You don't have to leave your good habits in your home port: There's a lot passengers can do to reduce waste and energy use. So go ahead, heed these basic tips. It's easy to be green.

Most of us are in agreement (finally) that global warming isn't a myth or some crazy liberal conspiracy, so reducing our carbon footprint even on vacation makes sense. Luckily, over the past decade or so cruise lines have gotten the message too. For the most part, gone are the days of heaving garbage overboard, discharging untreated sewage right into the sea, or skeet shooting off the stern (the fear of CNN, cell phone cameras and smart phones broadcasting missteps to the world is not to be underestimated).

In fact, most cruise lines now employ an environmental officer (Royal Caribbean and Holland America, for example, have them on every ship). A senior officer who reports directly to the Captain, it's their job to make sure the company's onboard environmental rules and regulations are being followed, from crew member training to waste management. Around the ship, certain crew members work specifically to carry out environmentally sound practices, from separating trash to servicing the systems that treat bilge water, oily waste, sewage and gray water.

Holland America's on-board waste water purification systems, for example, are so advanced in their treating of wastewater that they claim the discharge is clean enough to drink (after you!). Holland also uses environmentally friendly soy inks for printed onboard materials and they only use environmentally friendly cleaning products as well. They're also phasing in new dry cleaning machines that use non-hazardous detergents made from soy, banana and orange extracts. In fact, Holland America is the only line I know of that gives "Environmental Stewardship" presentations on every cruise, featuring a behind-the-scenes video that show the ship's waste management machines and practices at work. Afterward is a Q&A with the ship's environmental officer.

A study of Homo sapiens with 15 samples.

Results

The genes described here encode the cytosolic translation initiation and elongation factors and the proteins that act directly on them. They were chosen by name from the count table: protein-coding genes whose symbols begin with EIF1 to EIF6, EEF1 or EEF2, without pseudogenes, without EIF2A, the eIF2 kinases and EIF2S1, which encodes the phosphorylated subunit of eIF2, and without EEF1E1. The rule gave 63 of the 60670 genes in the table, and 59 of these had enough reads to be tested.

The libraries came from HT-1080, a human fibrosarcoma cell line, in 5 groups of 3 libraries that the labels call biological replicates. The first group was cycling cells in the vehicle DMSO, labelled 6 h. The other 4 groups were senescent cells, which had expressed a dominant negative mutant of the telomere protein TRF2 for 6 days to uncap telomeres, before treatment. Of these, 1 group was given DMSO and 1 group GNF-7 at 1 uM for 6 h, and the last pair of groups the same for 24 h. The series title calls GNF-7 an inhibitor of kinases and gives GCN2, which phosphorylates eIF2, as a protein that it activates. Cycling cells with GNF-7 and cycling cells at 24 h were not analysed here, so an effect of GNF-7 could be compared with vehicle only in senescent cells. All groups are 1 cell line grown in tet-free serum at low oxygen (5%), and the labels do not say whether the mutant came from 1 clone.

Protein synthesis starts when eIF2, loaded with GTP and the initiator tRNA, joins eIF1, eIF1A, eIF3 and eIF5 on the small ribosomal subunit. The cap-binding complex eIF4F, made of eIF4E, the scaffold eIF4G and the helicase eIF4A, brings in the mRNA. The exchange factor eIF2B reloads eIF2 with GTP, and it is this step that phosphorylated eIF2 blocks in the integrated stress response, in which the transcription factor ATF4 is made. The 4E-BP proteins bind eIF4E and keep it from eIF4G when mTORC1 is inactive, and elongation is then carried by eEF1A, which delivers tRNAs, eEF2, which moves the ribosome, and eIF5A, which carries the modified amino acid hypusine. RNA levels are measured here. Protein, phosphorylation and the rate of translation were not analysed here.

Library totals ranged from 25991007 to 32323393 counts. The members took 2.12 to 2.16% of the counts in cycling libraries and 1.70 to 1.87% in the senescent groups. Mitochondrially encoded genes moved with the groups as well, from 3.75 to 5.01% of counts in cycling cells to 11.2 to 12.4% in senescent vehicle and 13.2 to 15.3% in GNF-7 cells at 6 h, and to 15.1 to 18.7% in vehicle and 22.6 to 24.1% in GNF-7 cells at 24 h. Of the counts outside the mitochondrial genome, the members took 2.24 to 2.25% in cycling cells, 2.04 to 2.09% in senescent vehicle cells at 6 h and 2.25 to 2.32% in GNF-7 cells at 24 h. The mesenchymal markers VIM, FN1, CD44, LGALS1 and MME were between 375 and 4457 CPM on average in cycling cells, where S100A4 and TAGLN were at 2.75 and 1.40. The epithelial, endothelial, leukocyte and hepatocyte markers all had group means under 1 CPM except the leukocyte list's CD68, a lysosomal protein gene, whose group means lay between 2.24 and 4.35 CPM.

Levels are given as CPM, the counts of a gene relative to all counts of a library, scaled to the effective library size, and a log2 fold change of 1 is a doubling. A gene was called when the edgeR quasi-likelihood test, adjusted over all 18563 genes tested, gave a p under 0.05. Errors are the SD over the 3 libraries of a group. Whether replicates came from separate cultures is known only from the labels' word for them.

Of course there's a lot passengers can do to reduce waste and energy use. So go ahead, heed these basic tips. It's easy to be green.

  • Keeping your balcony door closed keeps the stateroom temperature constant; when the balcony door is open for extended periods of time, the air-conditioning is wasted and therefore energy is wasted. When you leave your stateroom, adjust your thermostat to a neutral position to increase the amount of energy you help save.
  • Re-using towels cuts down on the water consumption which in turn reduces the energy used to make the water. Energy savings translates to reduced engine emissions.
  • Turning off lights and appliances when you leave your stateroom reduces energy consumption because the ship's electricity is generated by its main engines or auxiliary engines. This helps to conserve fuel and reduce emissions.
  • Just because the food is "free" doesn't mean you should carelessly waste it. In buffet restaurants, don't pile your tray with food you're not sure you'll finish. You can always go back for seconds and thirds, but once you take six rolls and four desserts only to decide later you're too full to finish them, it's a big fat waste.
  • Drink "tap" water instead of chugging bottles and bottles of water in plastic bottles. Ships' buffet restaurants typically have machines dispensing chilled water all day long, so get your fill in a glass or reusable plastic cup.
  • Deposit cans, bottles and other garbage in the appropriate recycling bins located around deck and in the restaurants. Never throw anything overboard, even food, as it not only litters the sea, but injures wildlife as well.
  • Choose to cruise from an embarkation port you can drive or take a bus or train to and avoid fuel-sucking, emissions-generating airplane travel.